The Year on #Twitter in 2012

Twitter unveiled a look back at some of the most talked about events, most re-tweeted posts, and more of 2012. PC Mag pointed to some of the highlights of the report: President Obama's election night "Four more years" victory tweet featuring a photo of him hugging the First Lady (below) remains the most re-tweeted message of the year. It also broke a record for most retweets ever last month. Popstar Bieber, meanwhile, came in second to the president with a goodbye tweet to a young fan who passed away from brain cancer in September. In a section dubbed the "Pulse of the planet," Twitter took stock of the events that prompted the biggest conversations this year. Not surprisingly, the Summer Olympics were very popular, generating 150 million tweets. "The closing ceremonies (specifically, the Spice Girls' performance) amassed the largest Games-related spike, 116,000+ Tweets per minute," Twitter said. "The largest competition-related conversation: when Jamaica's Usain Bolt (@UsainBolt), most-discussed athlete, won gold in the 200m sprint (80,000 Tweets per minute)." Other sporting events that grabbed people's attention included the Super Bowl (13.7 million tweets), the Euro 2012, and the UEFA Champtions League semi-final. Election Day, meanwhile, prompted more than 31 million tweets, while Superstorm Sandy generated more than 20 million, with many of those messages including the word "donate." The debate over the Stop Online Piracy Act (SOPA) and the PROTECT IP Act (PIPA) - which resulted in a one-day Internet blackout - also had people up in arms on the micro-blogging site. There is plenty more that you can see for yourself in the report. In addition to providing stats about the platform overall, they also teamed up with Vizify to let users visualize their own year on Twitter. All users need to do is visit Vizify's website, click the "Get Yours Now!" link, and sign in with their Twitter account to have an infographic produced that highlights the users most talked-about tweets, and how many responses they created.

For @BuzzFeed, #Twitter is the front page

On the Meet the Press Press Pass, David Gregory had a really interesting interview with Ben Smith of BuzzFeed about the influence of Social Media on the 2012 election and the media itself.  I would agree with Smith completely when he says: Both campaigns were aggressively engaged on Twitter, adding that campaigning is "basically the communications business.” One of the prime reasons for being engaged so heavily in the medium, Smith argues, is because both sides are interested in “shaping reporters’ first impressions” of events – and Twitter is a venue in which consensus can be built by a few influential members of the press corps that cover the candidates. Not only does the rapid rise of social media help presidential campaigns and the reporters that cover them, Smith said it allows ordinary citizens to join the public discourse as well. "People who had previously been outside could see that conversation and jump into it if they had interesting things to say." Smith noted that for buzzfeed, twitter is their front page. You can see the video of the full interview here, it is worth a watch:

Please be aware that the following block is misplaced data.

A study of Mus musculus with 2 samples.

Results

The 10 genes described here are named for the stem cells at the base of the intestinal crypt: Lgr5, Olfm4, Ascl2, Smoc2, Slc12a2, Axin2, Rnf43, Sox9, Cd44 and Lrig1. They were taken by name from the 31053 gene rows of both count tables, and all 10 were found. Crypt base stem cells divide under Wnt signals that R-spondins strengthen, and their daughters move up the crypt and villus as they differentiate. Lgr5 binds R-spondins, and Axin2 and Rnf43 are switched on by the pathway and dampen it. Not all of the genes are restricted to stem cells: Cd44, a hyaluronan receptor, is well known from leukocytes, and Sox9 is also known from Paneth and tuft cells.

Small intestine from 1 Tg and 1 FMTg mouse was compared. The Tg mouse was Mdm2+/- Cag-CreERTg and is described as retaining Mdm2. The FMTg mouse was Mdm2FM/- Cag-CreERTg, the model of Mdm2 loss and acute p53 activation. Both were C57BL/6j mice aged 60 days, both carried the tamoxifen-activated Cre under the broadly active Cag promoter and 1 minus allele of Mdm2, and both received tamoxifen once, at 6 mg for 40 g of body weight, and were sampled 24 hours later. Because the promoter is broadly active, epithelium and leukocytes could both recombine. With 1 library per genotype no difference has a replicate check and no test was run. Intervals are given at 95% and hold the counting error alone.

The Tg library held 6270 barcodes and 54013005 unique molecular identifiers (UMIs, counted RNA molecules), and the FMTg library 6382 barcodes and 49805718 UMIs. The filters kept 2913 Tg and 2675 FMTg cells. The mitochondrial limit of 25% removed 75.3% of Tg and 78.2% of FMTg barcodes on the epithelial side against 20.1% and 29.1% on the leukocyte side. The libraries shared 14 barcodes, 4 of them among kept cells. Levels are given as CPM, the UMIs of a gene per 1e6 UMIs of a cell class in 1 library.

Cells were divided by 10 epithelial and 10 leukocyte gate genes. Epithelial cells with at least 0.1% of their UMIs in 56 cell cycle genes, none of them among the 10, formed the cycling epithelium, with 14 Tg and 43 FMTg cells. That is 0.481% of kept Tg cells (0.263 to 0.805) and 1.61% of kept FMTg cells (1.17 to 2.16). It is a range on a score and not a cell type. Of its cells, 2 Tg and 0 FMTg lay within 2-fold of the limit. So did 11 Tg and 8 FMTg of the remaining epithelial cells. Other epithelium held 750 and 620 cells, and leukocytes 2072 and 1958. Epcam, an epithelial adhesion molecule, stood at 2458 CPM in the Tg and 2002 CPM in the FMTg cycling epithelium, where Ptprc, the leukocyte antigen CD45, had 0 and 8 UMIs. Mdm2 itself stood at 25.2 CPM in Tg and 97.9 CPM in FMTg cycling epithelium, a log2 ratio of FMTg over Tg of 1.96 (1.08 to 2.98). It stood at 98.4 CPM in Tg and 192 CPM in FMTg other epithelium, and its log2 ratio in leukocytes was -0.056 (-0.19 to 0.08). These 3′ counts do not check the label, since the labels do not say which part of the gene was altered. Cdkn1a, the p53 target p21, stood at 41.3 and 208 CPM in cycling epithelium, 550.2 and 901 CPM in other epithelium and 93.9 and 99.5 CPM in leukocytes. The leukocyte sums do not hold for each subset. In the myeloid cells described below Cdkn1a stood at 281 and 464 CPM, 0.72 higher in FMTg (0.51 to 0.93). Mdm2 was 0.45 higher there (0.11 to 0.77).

The 36 Rules of Social Media

Check out this Infographic from Fast Company about the 36 rules of Social Media:  

SocialNomics 2013: The Growing Impact Of Social Media On Business And The Economy

Over at the website socialnomics, they have this video with some pretty amazing statistics about the state of social media, the enormous growth we have seen and the continued increases we will see as we head to 2013. I'll put the statistics from the video below the flip, which are absolutely worth a look if you want to see the unbelievable growth of social media and its impact  on the economy Continue reading

How the @SFGiants Hit A #SocialMedia Home Run

Brian Solis has a great interview with Bryan Srabrian, the San Francisco Giant's first Director of Social Media : It wasn't too long ago when sport industries were confounded by the openness of social media and the ability for fans and players to share experiences in real time. Of course times have changed and teams in every sporting league imaginable are experimenting with social media to improve relationships and experiences with fans. The San Francisco Giants are among the sports teams that are leading the way for a new genre of engagement and community building. You can see the interview and discussion about how the Giants have continued to learn how to best market on the numerous platforms out there to help find a voice and have additional conversations with their fans. Srabrian notes that sports are inherently social and the perfect testing ground for new social media initiatives.  It will be interested to see how professional sports teams attempt to further engage with their fans, supporters and sponsors given the many new touch points for potential communications.